5 Ways WiFi Can Help Pizzerias Better Market and Advertise to Customers

The CEO of Zenreach explains why brick-and-mortar restaurants need WiFi more than ever.

  • Beyond increasing ticket size and customer convenience, WiFi offers marketing and advertising advantages, says Zenreach CEO John Kelly.
  • From building out your database and getting a more accurate traffic account to eliminating reliance on apps, WiFi can boost effectiveness of location-based advertising and provide valuable customer insights.


Beyond increasing ticket size and customer convenience, however, WiFi offers marketing and advertising advantages for pizza restaurants, according to John Kelly, CEO of Zenreach, which specializes in marketing software for brick-and-mortar businesses with public WiFi.

“WiFi technology not only ensures greater effectiveness of your location-based advertising efforts, it also gives you a competitive advantage when it comes to targeting your advertising and, subsequently, gaining actionable insights on both in-store customer visits and online conversions,” Kelly said.

Kelly pointed out five ways WiFi can bolster and improve a brick-and-mortar restaurant’s business.

1. Building a First-Party Database
There is immense value in using an in-store guest WiFi network to build a first-party database. More than just a hands-free way to gather data on your customers to understand them better and build profiles, it can also be leveraged as target lists for marketing campaigns. Consider the possibilities in retargeting those guests with online ads or potentially creating “lookalike” audiences for gauging prospects.

2. Foot Traffic Accuracy
WiFi is even more useful than GPS at determining a user’s precise location. Because networks can be configured and invisible lines drawn, operators can have a much stronger level of confidence about a user’s presence in a location. This not only applies horizontally but vertically as well, so multi-floor buildings are less of a challenge. The result: fewer false positives.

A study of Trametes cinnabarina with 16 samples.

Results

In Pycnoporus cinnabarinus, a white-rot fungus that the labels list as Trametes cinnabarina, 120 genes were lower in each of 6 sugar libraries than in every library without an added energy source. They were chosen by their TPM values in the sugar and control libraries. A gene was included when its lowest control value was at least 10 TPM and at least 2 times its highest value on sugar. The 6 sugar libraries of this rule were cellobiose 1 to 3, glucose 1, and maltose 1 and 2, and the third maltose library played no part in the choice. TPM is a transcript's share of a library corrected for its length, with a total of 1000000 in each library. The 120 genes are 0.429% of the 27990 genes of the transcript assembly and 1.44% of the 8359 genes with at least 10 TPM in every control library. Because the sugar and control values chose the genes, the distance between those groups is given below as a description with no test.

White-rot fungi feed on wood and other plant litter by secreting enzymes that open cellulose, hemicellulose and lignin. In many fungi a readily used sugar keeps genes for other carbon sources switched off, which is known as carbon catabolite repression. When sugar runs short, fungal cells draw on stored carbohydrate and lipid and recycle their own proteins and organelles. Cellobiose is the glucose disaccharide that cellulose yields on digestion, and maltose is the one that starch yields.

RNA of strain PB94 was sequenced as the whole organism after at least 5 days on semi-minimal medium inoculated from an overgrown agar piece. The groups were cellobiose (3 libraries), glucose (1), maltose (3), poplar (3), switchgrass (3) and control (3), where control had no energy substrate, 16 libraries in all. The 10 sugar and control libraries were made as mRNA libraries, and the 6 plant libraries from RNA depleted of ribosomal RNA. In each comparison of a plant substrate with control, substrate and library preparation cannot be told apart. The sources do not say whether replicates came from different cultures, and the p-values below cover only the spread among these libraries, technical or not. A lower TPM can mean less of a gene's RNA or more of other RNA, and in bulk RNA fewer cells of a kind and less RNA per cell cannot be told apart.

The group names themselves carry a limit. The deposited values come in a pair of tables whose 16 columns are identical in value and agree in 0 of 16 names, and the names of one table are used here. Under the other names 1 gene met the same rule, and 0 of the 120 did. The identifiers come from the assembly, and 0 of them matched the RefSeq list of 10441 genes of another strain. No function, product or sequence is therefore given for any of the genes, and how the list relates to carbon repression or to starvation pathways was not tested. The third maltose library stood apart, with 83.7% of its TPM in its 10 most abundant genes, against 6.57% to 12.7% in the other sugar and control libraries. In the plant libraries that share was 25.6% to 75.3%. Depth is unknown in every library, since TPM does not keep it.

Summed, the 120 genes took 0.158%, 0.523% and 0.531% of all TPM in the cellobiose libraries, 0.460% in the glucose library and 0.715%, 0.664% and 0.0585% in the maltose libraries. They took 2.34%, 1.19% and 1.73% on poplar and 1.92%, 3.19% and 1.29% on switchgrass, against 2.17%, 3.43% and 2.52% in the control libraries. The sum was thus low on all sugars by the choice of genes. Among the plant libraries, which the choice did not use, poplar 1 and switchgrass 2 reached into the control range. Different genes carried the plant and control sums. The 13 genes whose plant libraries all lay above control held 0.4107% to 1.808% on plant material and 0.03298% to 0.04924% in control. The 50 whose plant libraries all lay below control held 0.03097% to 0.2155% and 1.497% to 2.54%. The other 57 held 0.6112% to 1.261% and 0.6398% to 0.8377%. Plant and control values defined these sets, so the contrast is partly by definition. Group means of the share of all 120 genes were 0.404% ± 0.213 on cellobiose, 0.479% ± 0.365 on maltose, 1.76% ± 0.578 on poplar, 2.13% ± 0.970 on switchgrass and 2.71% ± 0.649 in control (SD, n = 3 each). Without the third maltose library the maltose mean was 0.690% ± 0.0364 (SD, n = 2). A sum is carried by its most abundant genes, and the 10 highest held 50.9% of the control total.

Related: How to save money by upgrading your pizzeria’s phone system

3. Easier Passive Detection of Visitors
WiFi data comes directly from phone interaction with the network rather than from apps running on the phone. This distinction is important because a user won’t need to engage with a particular app or view a particular advertisement in order for a provider to be able to collect data. As long as a user’s WiFi signal is turned on—and remember, that’s the default setting—the user’s cell phone will be sending a signal that is captured by the wireless router. The result, again, is far fewer false negatives.

4. Precise Dwell Time Measurement
A WiFi network can be configured to only count a user when that user has been recognized for a minimum amount of time—Zenreach calls this “dwell time.” This gives a much higher degree of confidence that a user is in a location for the time required to be an actual customer and not just someone passing by. This not only improves the quality of the data for targeting purposes, but also ensures the accuracy of measurement in attribution.

5. Protection from Industry Volatility
Since the data collected comes from phone interaction with the network rather than an app, there’s no need to worry about any recent industry changes to an app’s location tracking that would impact WiFi data.